Pro-Russian Criminal Hackers Set Sights on the Eurovision Song Contest

The Italian police force announced this week that it thwarted a cyber attack on the Eurovision Song Contest.

The competition, which took place in Turin last Saturday, is ostensibly an opportunity for European countries to demonstrate the best (or worst) of their nation’s singing talents.

However, over the years it’s faced criticism that votes are cast based on political allegiances rather than the quality of the contestants.

Those concerns were greater than ever this year, with Russia and Belarus having been banned from the competition following the invasion of Ukraine.

As many people predicted, Ukraine’s Kalush Orchestra eventually won the competition with the song “Stefania”. The rap group dominated the public vote in what was likely as much a show of support for the nation’s plight as it was about the popularity of the song.

But the contest, which was watched by more than 200 million people, was nearly brought to a halt by cyber criminals, according to a Reuters report.

Throughout the semi-final and final, the Italian police force’s cyber security department blocked several attacks on the venue’s network infrastructure.

Russian political aggression

The attacks were traced to the Russian-based criminal hacking group “Killnet” and its affiliate “Legion”.

The group conducted a DDoS (distributed denial-of-service) attack aimed at network infrastructure during performances and voting in an attempt to disrupt proceedings.

However, thanks to the event organisers’ effective planning, the contest was largely unaffected.

The Italian authorities said that more than 100 police officers monitored the event, enabling them to spot and respond to the attacks promptly. They also had support from Eurovision TV and the IT firm ICT Rai.

After detecting the group’s attempts to disrupt Eurovision, the Italian police gathered data about Killnet from its Telegram channels.

Live televised events are a popular target for cyber attacks because they instantly garner a huge audience.

In 2018, the opening ceremony of the Pyeongchang Winter Olympics was disrupted following a cyber attack, while in the run-up to the 2012 London Olympics, investigators discovered attack tools and the blueprints to the Olympic Stadium’s building management system on a cyber criminal’s computer.

Meanwhile, pro-Ukrainian attackers targeted Russian state TV earlier this year, with programme schedules defaced with several anti-war slogans.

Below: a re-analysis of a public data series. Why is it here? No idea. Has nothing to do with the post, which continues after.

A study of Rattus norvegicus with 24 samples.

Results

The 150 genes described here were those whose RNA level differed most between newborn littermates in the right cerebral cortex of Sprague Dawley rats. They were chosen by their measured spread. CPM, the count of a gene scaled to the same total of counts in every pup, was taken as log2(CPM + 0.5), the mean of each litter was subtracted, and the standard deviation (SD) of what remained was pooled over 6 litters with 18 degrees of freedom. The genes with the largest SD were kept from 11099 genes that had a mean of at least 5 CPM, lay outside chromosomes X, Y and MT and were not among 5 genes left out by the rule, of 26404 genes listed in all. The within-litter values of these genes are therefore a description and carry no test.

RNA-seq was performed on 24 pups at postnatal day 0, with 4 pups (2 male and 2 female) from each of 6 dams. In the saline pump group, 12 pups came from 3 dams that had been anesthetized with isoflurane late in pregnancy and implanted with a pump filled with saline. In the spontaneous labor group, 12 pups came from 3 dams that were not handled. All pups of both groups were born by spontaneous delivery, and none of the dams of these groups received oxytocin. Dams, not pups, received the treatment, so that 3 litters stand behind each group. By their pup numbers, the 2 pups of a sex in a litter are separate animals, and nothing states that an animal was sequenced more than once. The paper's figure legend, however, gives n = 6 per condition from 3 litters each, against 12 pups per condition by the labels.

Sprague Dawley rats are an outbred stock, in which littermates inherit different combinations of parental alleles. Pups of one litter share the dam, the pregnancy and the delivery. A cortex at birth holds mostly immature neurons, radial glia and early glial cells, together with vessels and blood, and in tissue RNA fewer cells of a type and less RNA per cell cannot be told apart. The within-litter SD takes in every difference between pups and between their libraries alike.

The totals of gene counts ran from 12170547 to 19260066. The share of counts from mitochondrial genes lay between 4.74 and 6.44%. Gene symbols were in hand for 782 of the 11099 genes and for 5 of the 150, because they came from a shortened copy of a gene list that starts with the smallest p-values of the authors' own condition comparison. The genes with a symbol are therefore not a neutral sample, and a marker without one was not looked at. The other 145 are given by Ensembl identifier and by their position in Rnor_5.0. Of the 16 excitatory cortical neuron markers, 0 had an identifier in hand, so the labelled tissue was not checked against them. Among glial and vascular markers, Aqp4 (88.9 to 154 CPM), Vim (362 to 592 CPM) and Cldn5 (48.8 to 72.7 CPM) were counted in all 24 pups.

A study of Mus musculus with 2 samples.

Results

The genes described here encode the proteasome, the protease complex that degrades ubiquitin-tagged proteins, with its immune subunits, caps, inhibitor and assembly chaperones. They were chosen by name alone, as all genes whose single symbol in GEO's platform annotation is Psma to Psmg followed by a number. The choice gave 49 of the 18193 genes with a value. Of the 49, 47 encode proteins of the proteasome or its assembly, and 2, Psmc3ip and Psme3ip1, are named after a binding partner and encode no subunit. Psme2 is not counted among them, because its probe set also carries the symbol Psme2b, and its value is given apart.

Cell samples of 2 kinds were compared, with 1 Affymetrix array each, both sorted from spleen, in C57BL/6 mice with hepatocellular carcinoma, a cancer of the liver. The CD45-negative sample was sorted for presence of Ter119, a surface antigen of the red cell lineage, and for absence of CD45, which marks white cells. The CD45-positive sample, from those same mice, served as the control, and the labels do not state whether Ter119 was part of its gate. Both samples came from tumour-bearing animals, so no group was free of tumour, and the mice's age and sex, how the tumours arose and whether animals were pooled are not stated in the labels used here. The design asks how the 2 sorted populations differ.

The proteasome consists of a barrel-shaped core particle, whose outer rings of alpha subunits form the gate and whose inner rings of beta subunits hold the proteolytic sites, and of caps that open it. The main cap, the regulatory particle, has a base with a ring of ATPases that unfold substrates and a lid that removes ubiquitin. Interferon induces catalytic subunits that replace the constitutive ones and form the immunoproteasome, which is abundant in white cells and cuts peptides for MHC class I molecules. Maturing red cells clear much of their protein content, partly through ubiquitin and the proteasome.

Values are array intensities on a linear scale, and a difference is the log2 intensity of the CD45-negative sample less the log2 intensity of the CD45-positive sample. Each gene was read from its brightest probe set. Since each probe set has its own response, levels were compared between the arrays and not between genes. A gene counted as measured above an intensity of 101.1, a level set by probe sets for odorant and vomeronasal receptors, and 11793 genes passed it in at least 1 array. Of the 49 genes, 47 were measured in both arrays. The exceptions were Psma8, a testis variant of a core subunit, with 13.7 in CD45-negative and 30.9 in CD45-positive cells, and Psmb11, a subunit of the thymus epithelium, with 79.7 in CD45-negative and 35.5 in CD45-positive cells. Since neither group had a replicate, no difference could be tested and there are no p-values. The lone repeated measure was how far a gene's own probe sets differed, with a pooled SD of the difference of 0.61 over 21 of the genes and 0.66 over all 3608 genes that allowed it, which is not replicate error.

“You have the blood of thousands of Ukrainians and hundreds of dead children on your hands,” one slogan read, while another said: “The TV and the authorities are lying. No to war”.

Given the obvious political conflict surrounding this year’s Eurovision, organisers will have expected an attack such as this and prepared accordingly.

The incident demonstrates the benefits of effective threat management. Rather than becoming the victim of an attack witnessed by hundreds of millions of people across Europe, the narrative is instead that Europe withstood Russian political aggression.

The ability to repel politically motivated cyber attacks is arguably an even bigger reputational boost than successfully pulling one off. Indeed, Killnet hasn’t reacted well to its well-documented failure.

Killnet wages war

After the Italian police announced that it had successfully prevented Killnet’s cyber attacks, the group posted a message on its Telegram channel denying that it was responsible.

“According to foreign media, Killnet attacked Eurovision and they were stopped by the Italian police. So, Killnet did not attack Eurovision,” the message said.

However, the group contradicts itself later in its message by referencing a successful attack on Eurovision’s website that it implies it was responsible for.

Killnet also appears intent on further attacks against Italy and its “deceitful police”. The group “declared war” on the country and nine others: the US, the UK, Germany, Latvia, Romania, Lithuania, Estonia, Poland and Ukraine.

The group has already targeted organisations in many of these countries before, all of which have publicly opposed the Russian invasion.

It remains to be seen whether Killnet’s reaction is a response to its failed attack or whether it always intended to target these countries as part of its pro-Kremlin stance.

What is certain is that cyber attacks will continue to play a significant role in the war’s propaganda efforts. We’ll almost certainly see more events with large European audiences this being targeted.

As such, event organisers must show the same level of preparedness as Italy demonstrated last weekend.